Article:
The medical eye patch is the oldest and most common treatment for amblyopia. By covering, or occluding, the strong eye you force the brain to use the weak eye. By having the brain depend on the weak eye, it spends more time learning how to use it and develops better vision in that eye.
Kids often dread wearing it, and parents can have trouble forcing their children to keep wearing it, but it has improved the vision of millions of patients with lazy eye for the last thousand years.
There are pros and cons to each type of eye patch. No matter which type you choose, keep in mind that they will all get worn out and need regular replacement.
This is the standard most people think of when they hear the words, "eye patch". Often completely black to help block light, they sometimes come in a variety of shapes and patterns. Not the most comfortable, and not the cheapest, but are chosen because they are a good middle ground.
Disposable eye patches are like big band-aids: they have a paper backing that peels off so you can apply them to the eye. They often have trouble sticking on active young children for long periods of time and the cost can add up. They can be more comfortable and convenient compared to cloth patches.
Silk eye patches are just like cloth eye patches but are more comfortable but cost more.
After prescribing a new pair of glasses, eye patching is the next logical step in treating amblyopia. Although the costs are not trivial, it is one of the most affordable treatment options. Patching is the first line of defense against lazy eye and should almost always be tried first.
The eye patch was investigated by PEDIG, the NIH-funded pediatric investigator group that studies binocular vision problems and their treatments and is an evidence-based treatment for amblyopia with more studies supporting efficacy than any other treatment.
The PEDIG trials were a set of US government-funded clinical trials aimed to understand the pros and cons of the most common binocular vision treatments. Here's a summary of their findings:
The Pediatric Eye Disease Investigator Group (PEDIG) has conducted several randomized amblyopia treatment trials over the past several years. Results have shown that spectacles alone are a powerful treatment for amblyopia; patching is superior to spectacles alone; initiating fewer hours of prescribed patching seems to be as effective as traditional treatment; patching is effective in older children, particularly if they have not previously been treated; atropine is as effective as patching after six months; and weekend atropine is equally effective as daily atropine. Amblyopia Treatment: Results of PEDIG Studies, David K. Wallace">
The patch can be more affordable than alternatives which require more doctor visits. Many parents end up spending hundreds of dollars on a variety of different kinds of patches, so they aren't always as cheap as they might seem in the long run. It is typical to spend $50-$100 per month on eye patches and exercises.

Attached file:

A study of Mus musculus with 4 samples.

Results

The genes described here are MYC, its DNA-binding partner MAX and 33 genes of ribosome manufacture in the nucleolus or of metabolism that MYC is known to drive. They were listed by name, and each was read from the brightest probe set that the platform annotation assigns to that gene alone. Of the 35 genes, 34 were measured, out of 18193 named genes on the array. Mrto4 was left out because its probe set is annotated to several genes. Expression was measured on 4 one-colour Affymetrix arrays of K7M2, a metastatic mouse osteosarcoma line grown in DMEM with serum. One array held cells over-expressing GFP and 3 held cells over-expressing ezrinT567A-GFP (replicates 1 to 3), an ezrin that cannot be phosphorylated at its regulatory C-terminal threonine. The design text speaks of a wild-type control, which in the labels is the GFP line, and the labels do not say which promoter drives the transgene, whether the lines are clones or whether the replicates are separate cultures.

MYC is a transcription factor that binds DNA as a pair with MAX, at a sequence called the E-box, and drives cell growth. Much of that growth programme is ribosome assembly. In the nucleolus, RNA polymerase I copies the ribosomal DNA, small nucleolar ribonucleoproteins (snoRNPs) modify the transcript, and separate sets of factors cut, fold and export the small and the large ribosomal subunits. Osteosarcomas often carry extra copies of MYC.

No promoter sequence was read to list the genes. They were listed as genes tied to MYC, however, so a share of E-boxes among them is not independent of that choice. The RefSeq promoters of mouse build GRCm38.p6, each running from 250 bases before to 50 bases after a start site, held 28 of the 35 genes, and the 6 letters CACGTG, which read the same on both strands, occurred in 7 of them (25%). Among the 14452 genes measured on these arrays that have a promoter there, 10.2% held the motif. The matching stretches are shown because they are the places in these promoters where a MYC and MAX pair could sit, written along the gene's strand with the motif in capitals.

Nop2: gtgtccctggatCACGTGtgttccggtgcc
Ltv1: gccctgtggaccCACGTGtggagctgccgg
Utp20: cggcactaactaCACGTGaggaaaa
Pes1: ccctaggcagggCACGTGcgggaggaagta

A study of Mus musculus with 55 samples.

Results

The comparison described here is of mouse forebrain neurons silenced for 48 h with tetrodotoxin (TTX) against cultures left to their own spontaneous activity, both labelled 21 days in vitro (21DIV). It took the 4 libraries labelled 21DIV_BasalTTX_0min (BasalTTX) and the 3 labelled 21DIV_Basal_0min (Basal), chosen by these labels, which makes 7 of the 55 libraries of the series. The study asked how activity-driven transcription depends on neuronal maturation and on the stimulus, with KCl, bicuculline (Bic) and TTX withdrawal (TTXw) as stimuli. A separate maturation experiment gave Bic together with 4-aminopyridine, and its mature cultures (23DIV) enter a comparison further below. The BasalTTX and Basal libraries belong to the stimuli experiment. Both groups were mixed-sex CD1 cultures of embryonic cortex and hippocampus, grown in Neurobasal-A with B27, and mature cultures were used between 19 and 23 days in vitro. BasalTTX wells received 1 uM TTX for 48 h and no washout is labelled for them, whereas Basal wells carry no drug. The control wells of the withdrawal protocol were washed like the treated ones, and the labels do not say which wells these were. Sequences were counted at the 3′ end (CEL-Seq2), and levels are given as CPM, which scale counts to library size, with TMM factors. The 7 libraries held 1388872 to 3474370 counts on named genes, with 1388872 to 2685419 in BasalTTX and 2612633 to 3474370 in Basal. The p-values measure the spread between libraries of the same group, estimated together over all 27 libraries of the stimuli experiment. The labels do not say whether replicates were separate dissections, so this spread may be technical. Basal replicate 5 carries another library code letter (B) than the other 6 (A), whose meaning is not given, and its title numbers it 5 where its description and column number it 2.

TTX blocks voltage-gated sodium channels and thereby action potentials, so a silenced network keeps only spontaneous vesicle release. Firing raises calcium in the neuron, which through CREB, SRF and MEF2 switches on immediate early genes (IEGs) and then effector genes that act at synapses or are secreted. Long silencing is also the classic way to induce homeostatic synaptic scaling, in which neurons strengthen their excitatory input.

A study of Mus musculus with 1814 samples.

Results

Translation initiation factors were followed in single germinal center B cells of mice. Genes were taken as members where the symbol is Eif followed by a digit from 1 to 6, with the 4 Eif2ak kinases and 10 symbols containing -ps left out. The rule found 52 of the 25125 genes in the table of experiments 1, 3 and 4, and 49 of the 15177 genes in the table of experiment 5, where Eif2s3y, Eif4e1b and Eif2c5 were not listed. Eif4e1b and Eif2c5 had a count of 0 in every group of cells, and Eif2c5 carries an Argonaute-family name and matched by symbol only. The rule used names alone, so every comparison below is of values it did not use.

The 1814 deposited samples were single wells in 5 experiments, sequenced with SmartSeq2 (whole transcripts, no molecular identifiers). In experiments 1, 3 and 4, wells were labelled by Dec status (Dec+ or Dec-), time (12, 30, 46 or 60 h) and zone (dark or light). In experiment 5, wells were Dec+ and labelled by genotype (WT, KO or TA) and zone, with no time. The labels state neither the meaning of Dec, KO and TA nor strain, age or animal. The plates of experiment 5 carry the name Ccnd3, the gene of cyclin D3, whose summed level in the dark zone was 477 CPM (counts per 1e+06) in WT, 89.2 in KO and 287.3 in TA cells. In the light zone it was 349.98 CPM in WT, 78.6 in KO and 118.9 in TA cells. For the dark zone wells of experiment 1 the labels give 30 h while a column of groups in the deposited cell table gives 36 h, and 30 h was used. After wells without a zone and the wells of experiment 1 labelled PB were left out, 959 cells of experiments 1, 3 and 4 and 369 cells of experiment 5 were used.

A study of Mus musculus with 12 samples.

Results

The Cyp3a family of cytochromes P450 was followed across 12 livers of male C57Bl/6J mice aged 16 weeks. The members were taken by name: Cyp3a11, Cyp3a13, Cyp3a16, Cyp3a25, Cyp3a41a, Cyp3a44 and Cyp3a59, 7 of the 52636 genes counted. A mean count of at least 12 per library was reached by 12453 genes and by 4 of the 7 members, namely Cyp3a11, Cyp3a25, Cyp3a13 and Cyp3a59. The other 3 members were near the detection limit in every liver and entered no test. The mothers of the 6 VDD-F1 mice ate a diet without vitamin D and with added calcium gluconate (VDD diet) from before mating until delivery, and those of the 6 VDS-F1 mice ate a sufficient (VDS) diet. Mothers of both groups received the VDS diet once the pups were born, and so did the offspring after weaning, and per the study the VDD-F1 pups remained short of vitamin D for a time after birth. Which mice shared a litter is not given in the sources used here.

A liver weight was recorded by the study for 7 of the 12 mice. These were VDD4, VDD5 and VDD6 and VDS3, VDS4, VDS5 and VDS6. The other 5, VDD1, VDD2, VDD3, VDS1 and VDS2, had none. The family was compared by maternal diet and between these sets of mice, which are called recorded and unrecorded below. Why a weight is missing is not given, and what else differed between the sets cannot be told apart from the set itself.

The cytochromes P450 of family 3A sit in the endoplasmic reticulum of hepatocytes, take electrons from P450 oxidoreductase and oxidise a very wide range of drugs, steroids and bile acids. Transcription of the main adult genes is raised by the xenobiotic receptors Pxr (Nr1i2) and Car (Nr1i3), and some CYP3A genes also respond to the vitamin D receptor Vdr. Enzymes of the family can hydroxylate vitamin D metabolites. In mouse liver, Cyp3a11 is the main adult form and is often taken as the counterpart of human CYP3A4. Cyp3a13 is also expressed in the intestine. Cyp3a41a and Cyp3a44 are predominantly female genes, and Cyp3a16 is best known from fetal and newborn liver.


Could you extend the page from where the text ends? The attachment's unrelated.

Patching is a good first line of defense, but it does have many problems which cause it to be ineffective for some people.
Patching is the most well-studied treatment for amblyopia, and it does work. But it doesn't work for every child. PEDIG found that resolution of amblyopia, defined as visual acuity for the amblyopic eye within 1 line of the good eye occurred in only 25–33% of cases. Amblyopia Treatment: Results of PEDIG Studies, David K. Wallace">
PEDIG recommends that eye patching be used in patients younger than 13. This is because the young brain is still learning how to see, and is easier to change than the adult brain. Once a patient reaches 10-13, the ability to improve vision with eye patching diminishes, takes longer, and gets harder.
The results showed that treatment with patching and atropine was superior to optical treatment alone in children age 7–12 years. However, there was no significant difference in those children 13–17 years old. There was a significant age effect, as younger children showed a greater effect of augmented treatment (eye patching and atropine) relative to control than the older children.
In many cases, the eye can regress in the teenage years after a successful childhood treatment. Approximately 25% experienced a recurrence during the first year off treatment. Amblyopia Treatment: Results of PEDIG Studies, David K. Wallace">
Patch treatment takes time. Many doctors will recommend between two to eight hours per day, often for months or years. PEDIG says that most people stop after four to six months but improvements can continue after that amount of time.
The magnitude of VA improvement found at the mostly 4- to 6-month primary outcome examinations is not the maximum benefit expected to be achieved for all participants, but instead the maximum length of time that the prescribed treatment regimens could be maintained before investigators would insist on a change of treatment in cases of poor outcome; in many cases, VA can improve further with continued treatment. Amblyopia Treatment: Results of PEDIG Studies, David K. Wallace">
Asking a child to wear an eye patch and go to school can seem like one step short of blindfolding them and asking them to read their book or watch the board. Although an environment where they need to use their sight is a good one for improving it via patching, it also makes actually doing their work much more difficult.
The patch itself can be physically uncomfortable as well, making it even more difficult to keep on during the long periods that are required.
There are several alternatives and adjunct therapies to wearing the eye patch. Vision therapy exercises are often done alongside the patch. Virtual reality treatments are also often used as a companion treatment to the patch. Atropine eye drops are a kind of chemical patching that blurs the vision of the good eye.